Every moment brings a choice; every choice has an impact.– Julia Butterfly Hill
I was deep in a worrisome thought one day, not paying enough attention to where I was walking, and I blithely stepped ankle deep into the wet cement of a freshly laid crosswalk.
I was startled, then horrified, then inner reactions just started cascading one after the other, including, “How careless! How could you have been so asleep at the wheel!” I was just about to fall into an all too familiar rabbit hole of berating myself for always being so clumsy when another inner voice piped up, “Wait a minute! So I was pre-occupied! I’m sick and tired of winding up feeling lousy about myself when I was just unconscious for a moment. For once I’d like to just deal with something and not make it all about me being clumsy.”
I stood there in the cement, noticing all these different reactions rushing through me. Years of practice by then helped me realize I did have a choice about how I was going to handle this. I picked my feet up out of my stuck shoes and stepped onto dry land as construction workers headed over to help me. As I lifted my shoes out of the cement, I tried for a little bit of compassion for myself. “Shit happens! I’m probably not the only person on the planet who made a mistake today because they weren’t paying attention. Sure, I’m a little embarrassed in front of these guys, but that doesn’t mean anything more about me than I just wasn’t paying attention.”
I walked over to a faucet conveniently sticking out of a nearby apartment building to wash off my shoes and feet. As I began to have some hope that I might even save my shoes (I did) I noticed feeling some pride that I was coping – with the outer event and with my inner reactions to it – as well as I was.
By the time one of the construction workers gave me some paper towels to dry my shoes and feet, it dawned on me: “Yes, shit happens. Life is happening in this way in this moment. But ‘shift happens’, too.” I could open to the lesson of the moment: choosing to shift my perspective allowed me to cope resiliently right there, right then. I could walk down another street. The experience also taught me, once again, right there, right then, that shifting perspectives and responding resiliently is possible, in any moment, any moment at all.
Modern neuroscience validates the power of positive thoughts, or even different thoughts, to interrupt the automaticity of negative thoughts. Re-directing our attention to something positive allows our brains to activate different circuits and shift our view. The practice of re-focusing our attention, shifting our view, and eventually re-framing our experience, over and over, strengthens the brain’s capacity for response flexibility and thus our resilience.
Here’s an exercise to replaceAutomatic Negative Thoughts (ANTs) with Automatic Positive Thoughts (APTs).
Exercise: Replacing ANTS with APTS
- Identify one habitual negative thought you would like to replace. You’re sick of it like I was when I stepped ankle deep in wet cement and almost fell down the rabbit hole of calling myself clumsy.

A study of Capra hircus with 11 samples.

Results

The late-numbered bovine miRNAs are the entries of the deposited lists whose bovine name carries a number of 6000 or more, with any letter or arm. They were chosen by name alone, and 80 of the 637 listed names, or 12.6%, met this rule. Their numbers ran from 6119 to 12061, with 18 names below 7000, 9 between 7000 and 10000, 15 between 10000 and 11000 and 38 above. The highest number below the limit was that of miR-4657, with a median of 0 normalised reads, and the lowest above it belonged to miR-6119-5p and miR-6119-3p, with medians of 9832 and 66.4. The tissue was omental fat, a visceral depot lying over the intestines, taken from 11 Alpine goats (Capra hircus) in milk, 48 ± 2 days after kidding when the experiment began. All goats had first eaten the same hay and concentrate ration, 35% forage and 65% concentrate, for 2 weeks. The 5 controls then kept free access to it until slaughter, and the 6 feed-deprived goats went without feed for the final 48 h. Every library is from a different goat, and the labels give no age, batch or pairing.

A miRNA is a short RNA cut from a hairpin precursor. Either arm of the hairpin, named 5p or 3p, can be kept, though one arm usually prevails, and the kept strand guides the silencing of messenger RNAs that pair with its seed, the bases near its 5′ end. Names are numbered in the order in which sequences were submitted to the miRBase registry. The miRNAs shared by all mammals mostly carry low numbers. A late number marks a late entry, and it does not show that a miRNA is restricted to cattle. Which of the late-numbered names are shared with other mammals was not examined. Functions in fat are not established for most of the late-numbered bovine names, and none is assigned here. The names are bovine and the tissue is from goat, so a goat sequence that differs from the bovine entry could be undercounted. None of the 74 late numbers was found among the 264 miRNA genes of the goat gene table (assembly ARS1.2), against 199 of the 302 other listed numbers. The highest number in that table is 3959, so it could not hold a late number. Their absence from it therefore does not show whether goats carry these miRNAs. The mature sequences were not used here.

- Then brainstorm several different alternative thoughts to counter your negative thought. The alternative may be a directly opposite thought, i.e., “I’m lazy” becomes “I’m motivated when I’m interested.” The alternative may lead you to a different realm of thought entirely: “I’m lazy” becomes “I’m so looking forward to Greg and Diane coming over Saturday; I wonder what I’ll cook?” The alternative maybe simply be to think of someone who loves you and take refuge in feeling that love for the moment, or remembering a moment of “Sure, I can!” and being resourced by that memory.
- When you notice the habitual negative thought arising, practice using your alternative thought immediately. The longer you dwell or ruminate on an old negative thought, the more deeply grooved it becomes in your circuitry. It’s wise effort and skillful means to “switch the channel” by choosing to re-direct your attention to more positive, optimistic thinking, to shake the brain loose of an old habit and move toward greater response flexibility.
The point of ANTs to APTs is not to never react again with “I’m lazy.” It’s to interrupt the cascade of self-deprecation that immediately and reflexively follows that thought. The idea is to send the brain in another direction, which gives our mind a few moments to re-calibrate itself and open up the field of thinking-feeling again. Cultivating an immediate positive response to a negative thought creates the space to shift our perspective, supporting more flexibility and resilience. And, every time we do it, we are conditioning our brain in a more resilient direction.
The process of pro-actively shifting perspectives more and more – walking down another street regardless of the content of the hole in the sidewalk – creates more flexibility within your neural circuitry to do so. Choosing to shift becomes the new habit of the brain, and perceiving yourself as making choices not only shifts the content of specific patterns; it shifts your perception of yourself as choice maker.